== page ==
I would have mentioned this in my upcoming Worldcon report, but I didn't want to gloss over the incident in the course of recording all the good things that happened in Anaheim. This was definitely not one of them.

Harlan Ellison™ was one of my heroes as an angry young college student. I had somehow managed to overlook him until I ran across a copy of Shatterday between my junior and senior years of high school. When I started college, I discovered to my delight why a good university library kicked ass over my local bookstore—more volumes of Harlan Ellison™ than you could shake a fist at. I was sometimes ambivalent about his fiction, but his essays rarely failed to move me. Their articulate rage and vivid conveyance of a forceful personality—practically a force of nature—thrilled me beyond reason. I read everything I could lay my hands on, and I'd be lying if I denied that Ellison's rhetorical style wielded a huge influence on my own later writings about Mormonism. * 

I can still clearly recall the moment when one of the earliest big cracks in my young worldview appeared. It was a Harlan Ellison™ essay in which he spat vitriol all over the LDS Church for its decisive role in defeating the Equal Rights Amendment. I felt that I respected women, but until that moment I had never critically considered the objections to the ERA that I had been spoon-fed at home and from the pulpit. If one of my intellectual heroes disapproved of my people, what did that say about me? Was I really as good, thoughtful, and respectful a person as I believed I was?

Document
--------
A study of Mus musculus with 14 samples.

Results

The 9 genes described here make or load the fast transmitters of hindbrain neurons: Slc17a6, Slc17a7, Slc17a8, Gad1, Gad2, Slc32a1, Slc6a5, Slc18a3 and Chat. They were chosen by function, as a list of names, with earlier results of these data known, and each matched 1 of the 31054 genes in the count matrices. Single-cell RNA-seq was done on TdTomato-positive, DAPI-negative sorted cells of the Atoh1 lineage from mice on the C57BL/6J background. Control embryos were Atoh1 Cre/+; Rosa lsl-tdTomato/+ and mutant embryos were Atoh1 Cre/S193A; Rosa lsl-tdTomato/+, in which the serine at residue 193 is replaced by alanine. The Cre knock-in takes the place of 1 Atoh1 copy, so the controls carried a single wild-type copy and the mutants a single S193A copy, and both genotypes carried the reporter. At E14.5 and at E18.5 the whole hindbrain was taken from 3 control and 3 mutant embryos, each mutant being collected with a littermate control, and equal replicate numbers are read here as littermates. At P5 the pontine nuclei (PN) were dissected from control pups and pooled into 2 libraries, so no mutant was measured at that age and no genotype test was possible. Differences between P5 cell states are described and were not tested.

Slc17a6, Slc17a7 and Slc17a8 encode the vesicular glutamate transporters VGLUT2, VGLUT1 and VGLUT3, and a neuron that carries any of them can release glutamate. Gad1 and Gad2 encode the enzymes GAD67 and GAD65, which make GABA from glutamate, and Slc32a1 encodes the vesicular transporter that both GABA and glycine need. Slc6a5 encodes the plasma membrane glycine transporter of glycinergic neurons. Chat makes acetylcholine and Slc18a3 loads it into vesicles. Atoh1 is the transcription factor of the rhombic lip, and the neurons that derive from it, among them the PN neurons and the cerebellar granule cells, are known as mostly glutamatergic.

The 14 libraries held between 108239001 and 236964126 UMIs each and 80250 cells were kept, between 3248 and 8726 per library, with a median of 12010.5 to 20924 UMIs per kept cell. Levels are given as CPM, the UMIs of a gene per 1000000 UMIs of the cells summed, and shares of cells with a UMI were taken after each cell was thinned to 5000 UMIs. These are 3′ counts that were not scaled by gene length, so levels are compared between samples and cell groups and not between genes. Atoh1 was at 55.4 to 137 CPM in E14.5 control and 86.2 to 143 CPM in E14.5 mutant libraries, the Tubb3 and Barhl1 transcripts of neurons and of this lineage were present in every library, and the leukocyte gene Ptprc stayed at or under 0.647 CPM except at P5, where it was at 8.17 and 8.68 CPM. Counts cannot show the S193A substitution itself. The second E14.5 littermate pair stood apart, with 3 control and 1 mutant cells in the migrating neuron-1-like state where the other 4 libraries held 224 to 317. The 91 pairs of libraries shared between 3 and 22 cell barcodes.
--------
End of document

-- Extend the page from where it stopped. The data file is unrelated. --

Looking back now, Harlan Ellison™'s in-print posturing strikes me as hollow, and I realize that it has for some years. Not that he was wrong then, not at all, but his shrill pronouncements have lost some of their moral authority—the same way that his scolding of the Hugo audience for not respecting Betty Ballantine with a standing ovation lost its force after his appalling grope of Connie Willis.

I can't remember the last time I read a good new Harlan Ellison™ story, but I will always remember the moment when I lost my respect for him. It was the moment when, in response to a woman who called him a friend putting him in his place, he could only think to open a six-pack of BoobGrab™.

Connie Willis may be taller, but the big boob in this photograph is Harlan Ellison™.

* This link leads to a 404 page by design. There you'll find links to Internet Archive'd copies of the Mormonism-related writings I mentioned. They are no longer available on my own site, but I wanted interested parties still to be able to find them.